Barbara Radcliffe Rogers, Stillman D. Rogers. Zimbabwe. New York: Children's Press, 2002. 144 pp. $34.50 (cloth), ISBN 978-0-516-21113-8.
Reviewed by Marylee S. Crofts (International Studies Department, Bentley College)
Published on H-AfrTeach (December, 2003)
Zimbabwe: Enchantment of the World
Zimbabwe: Enchantment of the World
Readers will like this book because it has beautiful pictures and covers a wide variety of subjects, including cultural and economic history as well as current political, religious, and cultural life. It also provides a time line of Zimbabwean history and "fast facts" about the country. The book is intended for young readers in the upper elementary grades and is part of the Enchantment of the World series published by Scholastic.
The analysis of current events is stronger than the treatment of Zimbabwean history. This reflects the focus of the series, but historic background gives the basis for understanding the present and is, therefore, very important. One of the most egregious examples of historical inaccuracy comes in chapter 4, "People in Motion," when Rogers and Rogers are discussing European colonization and the roles of Rhodes and Lobengula. Their version reminds one of Eurocentric accounts by white historians that promoted white settler perspectives. Both the photo caption describing Rhodes (p. 48) and that describing Lobengula (p. 49) say that Rhodes "negotiated" for British settlers to enter the country and that Lobengula "gave" and "granted" these rights. This vocabulary leads the reader to believe that the Rudd Concession was undertaken in a transparent and honest manner, which it was not. Many white Rhodesians believed that these negotiations were made in good faith because white historians often wrote Rhodesian history in this manner.
Another example of confusing historical comment concerns the taking-over of white farmlands. The authors state that "primarily veterans of the war for independence" took over the farms (p. 58). Two pages later, they write, "Although the 'squatters' who took over the farms claimed to be veterans of the war of independence in the 1970s, many of them were only in their twenties, too young to have fought in that war" (p. 60). These contradictory sentences may confuse the young reader.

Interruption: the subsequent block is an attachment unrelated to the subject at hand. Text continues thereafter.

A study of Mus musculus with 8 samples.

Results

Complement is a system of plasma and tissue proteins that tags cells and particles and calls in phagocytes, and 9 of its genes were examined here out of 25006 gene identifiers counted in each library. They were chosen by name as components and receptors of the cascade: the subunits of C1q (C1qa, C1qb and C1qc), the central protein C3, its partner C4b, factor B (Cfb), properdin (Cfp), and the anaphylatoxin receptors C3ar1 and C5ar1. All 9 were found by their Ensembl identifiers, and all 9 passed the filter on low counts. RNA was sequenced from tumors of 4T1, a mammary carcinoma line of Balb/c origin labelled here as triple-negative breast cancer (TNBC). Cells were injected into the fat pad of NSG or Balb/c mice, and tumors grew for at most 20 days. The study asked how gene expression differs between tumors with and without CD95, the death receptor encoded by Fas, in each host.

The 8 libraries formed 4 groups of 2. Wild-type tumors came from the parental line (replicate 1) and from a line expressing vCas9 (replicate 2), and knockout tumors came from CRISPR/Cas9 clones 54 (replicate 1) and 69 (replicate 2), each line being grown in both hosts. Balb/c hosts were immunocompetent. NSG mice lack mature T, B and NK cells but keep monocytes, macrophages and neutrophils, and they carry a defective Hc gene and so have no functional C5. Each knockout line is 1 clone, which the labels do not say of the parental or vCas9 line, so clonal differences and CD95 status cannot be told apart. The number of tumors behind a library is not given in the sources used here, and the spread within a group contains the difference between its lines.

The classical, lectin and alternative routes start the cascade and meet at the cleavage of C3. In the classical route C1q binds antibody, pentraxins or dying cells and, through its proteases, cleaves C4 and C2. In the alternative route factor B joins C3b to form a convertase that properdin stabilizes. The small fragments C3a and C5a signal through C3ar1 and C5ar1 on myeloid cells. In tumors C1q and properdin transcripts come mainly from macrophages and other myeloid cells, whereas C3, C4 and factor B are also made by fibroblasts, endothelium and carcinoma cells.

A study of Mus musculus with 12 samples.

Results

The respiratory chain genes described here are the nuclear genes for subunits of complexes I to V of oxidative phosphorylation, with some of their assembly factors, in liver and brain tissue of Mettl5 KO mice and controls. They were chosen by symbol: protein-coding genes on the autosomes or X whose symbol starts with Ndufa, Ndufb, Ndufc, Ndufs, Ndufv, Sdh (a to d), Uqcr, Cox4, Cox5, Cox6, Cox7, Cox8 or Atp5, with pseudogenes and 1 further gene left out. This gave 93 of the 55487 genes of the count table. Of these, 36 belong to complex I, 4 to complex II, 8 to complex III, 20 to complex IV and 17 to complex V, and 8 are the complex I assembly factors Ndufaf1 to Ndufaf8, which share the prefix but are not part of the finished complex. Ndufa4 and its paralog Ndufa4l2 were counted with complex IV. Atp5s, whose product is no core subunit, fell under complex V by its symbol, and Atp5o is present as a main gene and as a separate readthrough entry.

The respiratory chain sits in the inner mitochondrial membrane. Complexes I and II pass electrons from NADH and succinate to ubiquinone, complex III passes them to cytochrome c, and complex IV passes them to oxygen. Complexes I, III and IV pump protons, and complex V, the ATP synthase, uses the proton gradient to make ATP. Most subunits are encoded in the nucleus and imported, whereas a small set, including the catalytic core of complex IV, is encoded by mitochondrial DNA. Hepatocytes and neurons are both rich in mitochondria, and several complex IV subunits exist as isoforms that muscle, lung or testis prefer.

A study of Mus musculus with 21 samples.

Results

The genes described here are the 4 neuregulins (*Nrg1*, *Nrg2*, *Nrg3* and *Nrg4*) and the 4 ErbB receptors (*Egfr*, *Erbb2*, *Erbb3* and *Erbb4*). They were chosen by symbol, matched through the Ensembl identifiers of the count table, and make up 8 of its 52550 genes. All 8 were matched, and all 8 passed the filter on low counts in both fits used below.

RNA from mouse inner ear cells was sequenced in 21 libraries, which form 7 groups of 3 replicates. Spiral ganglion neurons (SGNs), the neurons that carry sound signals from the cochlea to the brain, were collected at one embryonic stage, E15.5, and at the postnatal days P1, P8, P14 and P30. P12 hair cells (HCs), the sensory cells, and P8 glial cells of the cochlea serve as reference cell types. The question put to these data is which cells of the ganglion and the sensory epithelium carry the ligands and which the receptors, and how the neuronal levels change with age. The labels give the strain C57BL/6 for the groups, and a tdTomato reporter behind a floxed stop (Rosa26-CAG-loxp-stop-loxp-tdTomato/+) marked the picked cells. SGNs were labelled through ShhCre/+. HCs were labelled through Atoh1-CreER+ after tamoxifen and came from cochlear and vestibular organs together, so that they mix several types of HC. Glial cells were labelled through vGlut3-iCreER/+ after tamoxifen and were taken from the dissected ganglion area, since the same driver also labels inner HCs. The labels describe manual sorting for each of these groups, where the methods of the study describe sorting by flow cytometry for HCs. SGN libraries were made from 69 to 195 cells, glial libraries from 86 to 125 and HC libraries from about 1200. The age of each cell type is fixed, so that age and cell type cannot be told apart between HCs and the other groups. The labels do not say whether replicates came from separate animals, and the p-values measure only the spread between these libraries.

Apart from the table of contents pages, the first two pictures of people related to the text are white: Queen Victoria and David Livingstone. These choices influence readers and, in this case, can lead them to think that these white people were key figures in Zimbabwean history.
Chapter 3, "Where the Lion is King," presents Zimbabwe's wildlife and a discussion of economic and environmental issues. The Enchantment series may require this ordering of contents, but it would be refreshing to see a children's book on an African country that does not begin with white people and wildlife.
Rogers and Rogers cover the pre-colonial history in the next chapter and, although it is difficult to follow their historical trail at times, this chapter does give the reader a basic idea of the complexity and importance of early Zimbabwean cultures.
Historic facts become blurred again when the book discusses the pressure for independence. A white settler point of view is evident in the authors' claim that, "although Great Britain did not recognize UDI and still considered Rhodesia a British territory, for the next fourteen years Rhodesia was an independent country" (p. 53). In fact, only South Africa recognized Smith's UDI; the rest of the world followed the British lead. Again, young readers could interpret the text by thinking that only the British refused to recognize Rhodesia's declared independence.
Discussing the 1979 Muzorewa government and, indeed, adding a photograph of him as prime minister wastes space in the book. This inclusion may indicate reliance on pro-settler sources regarding this episode in Zimbabwean political history; surely the event was seen as sham at the time and as Smith's last effort to preclude black majority rule under the major Zimbabwean African parties.
The constant use of the words "tribe" and "tribal" are annoying and represent a colonial vocabulary, even if some Zimbabweans use the words in an effort to fit into European thought. One would hope that this terminology in children's literature would be replaced by now: why not write "the Shona" instead of "the Shona tribe"?
Despite these criticisms, Rogers and Rogers do present important issues for consideration. They discuss the importance of agriculture and industry and point out again and again that it has been and remains to a large extent in white hands. They discuss political controversies and give the Movement for Democratic Change its due in the current political scene, and they discuss Mugabe's increasing autocracy. They underscore the development of an elite class, both white and black, and point out the gap between this multiracial elite and the poor.
There are several very nice, small additions to the text: the etiquette of eating sadza, for example, gives young readers a taste for Zimbabwean manners and cooking. The section on mbira music and its technical parallels to jazz is of interest. The discussion of Zimbabwean writers is important, even though the only photo is of Doris Lessing. Why not use the space of the Muzorewa photo for one here of Charles Mungoshi or other black authors named in the text?
If teachers and librarians can help young readers understand the text and talk with them about the problems raised, this book can be a source of understanding contemporary Zimbabwe.